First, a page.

It’s lovely to have a place to sit in your garden and enjoy the view, isn’t it? But what do you do when your favourite seat starts to fall apart? You learn how to restore a wooden garden bench, that’s what!
Restoring a seat is not as hard as you might think, and you almost certainly won’t need any fancy equipment beyond a few tools!
What You'll Learn Today
How Do You Restore An Old Bench Seat?
- Start by giving it a good clean. Scrub away any old paint, and clean off algae, mould and dirt.
- Any nuts and bolts will probably be jammed, so release them (WD40 works a treat!)
- Any wooden slats that have rotted will need replacing, so that the bench stays strong enough to hold weight.
- Give the new slats a good sanding so that there are no splinters, and ensure that you screw or bolt them in well.
- Applying a layer of preservative will help the wood to stay stronger for longer, and should also ensure that it stands up to the weather.
- Scrub any metalwork with a wire brush, to ensure that it not only looks nice, but to make sure there is no rust.
- Repaint the metalwork your chosen colour – you should ensure that this is a paint designed for metal, and that it is weatherproof.
This article takes you through the essential maintenance you should do on your garden furniture, to keep it looking its best.
Can I Restore Rotting Wood?
Although replacing rotten wood is the best idea, there are also some ways that you can restore it, using a few different fillers.
- You will need to first remove the rotted section from the wood you are trying to restore.
- Make sure that you have cleared a small section either side of where the rot was, to ensure it doesn’t spread.
- Using a polyester filler or wood-patch, fill in the area where you have removed the rot.
- Allow the filler to dry and harden completely, then paint it the same colour as the wood to make it all look the same.
- Test it before you sit on it, to make sure you aren’t going to fall through!
Replacing any rotten wood is easier, safer and probably quicker than going down the filler route – but if it is just a small section of rot then this method can work really well.
How Do You Restore A Wooden Cast Iron Bench?
- Start by dismantling the entire bench. The metalwork may be rusted together, so you will need some WD40 – and some elbow grease!
- Sand off each of the wooden slats using a belt sander. This will help you decide whether there are any that may need replacing entirely.
- Apply a weatherproofing treatment to all the wood work, to help it stand up to the weather in the future.
- Wearing protective equipment, remove the old paint and rust from the metal work. You can use a wire brush or an angle grinder for this.
- Dust off all the metal particles from the metal work using a soft, clean cloth, to prevent any lumps and bumps when you paint it.
- Using a rust-resistant paint, paint the metal work of your bench, then leave it to dry for at least 24 hours.
- Reassemble the bench, taking particular care to tighten nuts, bolts and screws so that the bench is strong and sturdy.
This video will take you through the steps to restoring your cast iron wooden bench:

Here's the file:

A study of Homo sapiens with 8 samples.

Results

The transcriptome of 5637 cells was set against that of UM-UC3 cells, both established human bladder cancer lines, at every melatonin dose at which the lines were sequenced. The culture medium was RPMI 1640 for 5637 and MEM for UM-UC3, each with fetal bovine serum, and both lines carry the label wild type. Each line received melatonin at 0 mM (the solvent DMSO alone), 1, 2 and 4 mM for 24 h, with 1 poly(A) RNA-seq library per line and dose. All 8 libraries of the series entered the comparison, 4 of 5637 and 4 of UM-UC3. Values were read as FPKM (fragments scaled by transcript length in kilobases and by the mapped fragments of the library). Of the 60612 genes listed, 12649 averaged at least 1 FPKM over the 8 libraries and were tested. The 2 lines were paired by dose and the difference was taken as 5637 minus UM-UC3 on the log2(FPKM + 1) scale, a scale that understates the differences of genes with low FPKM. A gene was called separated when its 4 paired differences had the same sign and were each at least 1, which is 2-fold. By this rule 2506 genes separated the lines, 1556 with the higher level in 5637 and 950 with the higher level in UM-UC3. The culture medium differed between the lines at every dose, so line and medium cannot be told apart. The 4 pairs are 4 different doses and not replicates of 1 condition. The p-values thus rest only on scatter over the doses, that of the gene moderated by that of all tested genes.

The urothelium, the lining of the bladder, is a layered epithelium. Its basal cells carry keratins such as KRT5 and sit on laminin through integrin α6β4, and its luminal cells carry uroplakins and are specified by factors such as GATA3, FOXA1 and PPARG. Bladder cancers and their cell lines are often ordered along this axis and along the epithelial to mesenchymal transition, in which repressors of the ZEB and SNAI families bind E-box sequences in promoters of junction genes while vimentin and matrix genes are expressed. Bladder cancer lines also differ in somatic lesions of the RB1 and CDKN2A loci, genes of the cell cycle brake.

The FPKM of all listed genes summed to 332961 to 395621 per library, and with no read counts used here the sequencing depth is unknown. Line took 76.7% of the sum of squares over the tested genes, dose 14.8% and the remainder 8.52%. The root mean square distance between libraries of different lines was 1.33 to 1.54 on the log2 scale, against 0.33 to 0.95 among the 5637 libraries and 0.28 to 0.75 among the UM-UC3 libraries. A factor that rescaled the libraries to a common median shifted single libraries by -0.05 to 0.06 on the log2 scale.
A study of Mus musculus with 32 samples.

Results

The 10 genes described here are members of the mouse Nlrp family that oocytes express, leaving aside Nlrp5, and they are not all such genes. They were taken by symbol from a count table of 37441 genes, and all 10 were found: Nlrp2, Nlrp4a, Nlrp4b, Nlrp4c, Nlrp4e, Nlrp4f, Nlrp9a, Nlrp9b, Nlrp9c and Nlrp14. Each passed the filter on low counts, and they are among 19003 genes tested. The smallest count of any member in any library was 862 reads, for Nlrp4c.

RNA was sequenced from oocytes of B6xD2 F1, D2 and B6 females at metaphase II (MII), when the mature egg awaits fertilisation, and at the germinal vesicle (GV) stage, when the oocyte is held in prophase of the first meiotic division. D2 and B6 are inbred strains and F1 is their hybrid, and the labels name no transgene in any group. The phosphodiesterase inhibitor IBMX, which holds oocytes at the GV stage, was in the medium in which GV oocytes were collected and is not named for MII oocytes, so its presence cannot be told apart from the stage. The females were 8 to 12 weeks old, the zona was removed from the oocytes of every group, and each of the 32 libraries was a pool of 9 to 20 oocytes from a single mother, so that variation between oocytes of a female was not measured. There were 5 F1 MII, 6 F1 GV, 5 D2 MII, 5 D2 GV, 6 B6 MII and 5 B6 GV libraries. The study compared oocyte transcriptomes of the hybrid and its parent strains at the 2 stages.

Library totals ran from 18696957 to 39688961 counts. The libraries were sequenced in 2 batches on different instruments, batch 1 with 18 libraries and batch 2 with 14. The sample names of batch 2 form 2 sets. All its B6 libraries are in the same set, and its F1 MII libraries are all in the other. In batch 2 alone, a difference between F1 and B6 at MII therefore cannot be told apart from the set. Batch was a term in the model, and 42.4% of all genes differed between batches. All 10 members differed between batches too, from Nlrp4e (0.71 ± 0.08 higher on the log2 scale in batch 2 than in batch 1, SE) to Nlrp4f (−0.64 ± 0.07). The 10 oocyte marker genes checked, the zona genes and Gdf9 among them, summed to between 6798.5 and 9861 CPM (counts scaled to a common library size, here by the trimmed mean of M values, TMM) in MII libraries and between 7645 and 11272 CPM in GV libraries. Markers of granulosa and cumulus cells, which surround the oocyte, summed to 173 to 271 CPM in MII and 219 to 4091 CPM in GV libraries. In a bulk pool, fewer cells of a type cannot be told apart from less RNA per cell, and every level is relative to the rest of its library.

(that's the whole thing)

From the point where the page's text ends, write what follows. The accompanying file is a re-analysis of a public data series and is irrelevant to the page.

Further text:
How Do I Strengthen My Garden Bench?
You love your garden bench, you don’t want to replace it – but it is getting weaker in its old age. How do you make it strong again?
Adding strips of metal to the underside of the bench will help enormously, as this will reinforce the sagging wood.
Placing a third leg to the middle of the bench can also help to hold up timber that is getting weaker with age.
You can also replace the seat entirely, by replacing the old timber with new slats. This is a longer term fix, and although it will take more effort, this will help your bench last for a good few more years.
Can You Bring Weathered Wood Back To Life?
Wood, like the rest of us, can start to look a little grey and haggard if it spends too much time in the sun.
As long as it is still structurally sound, however, you don’t have to replace it – you can get it back to its former glory!
Boiled linseed oil is your secret weapon for reviving old, tired wood. It’s easy to get hold of, relatively cheap, and it will give your old wood a new lease of life.
- Start by sanding the wood lightly, to get rid of any little splinters and get the wood ready for oiling.
- Mix boiled linseed oil and turpentine in a ratio of 50/50.
- Apply this mixture using a brush or an old rag – and we’re talking liberally. Coat the mixture on so that it really penetrates the wood.
- Give the wood a quick wipe with a clean cloth if it still looks shiny after a couple of minutes; it should soak right into the grain.
- Leave it to dry for 24-48 hours, and don’t be tempted to add a second coat too quickly as the oil can build up too much and cause problems if you decide to paint the wood.
- After 48 hours, you can prime and paint the wood, or you can leave it with a natural finish.
- If you are going with the linseed oil finish, you will need to add a few more coats over the course of a week or so – waiting a day or two in between coats.
Once you have learned how to restore a wooden garden bench, you can enjoy your favourite seat for years to come – safe in the knowledge that it was all your own work!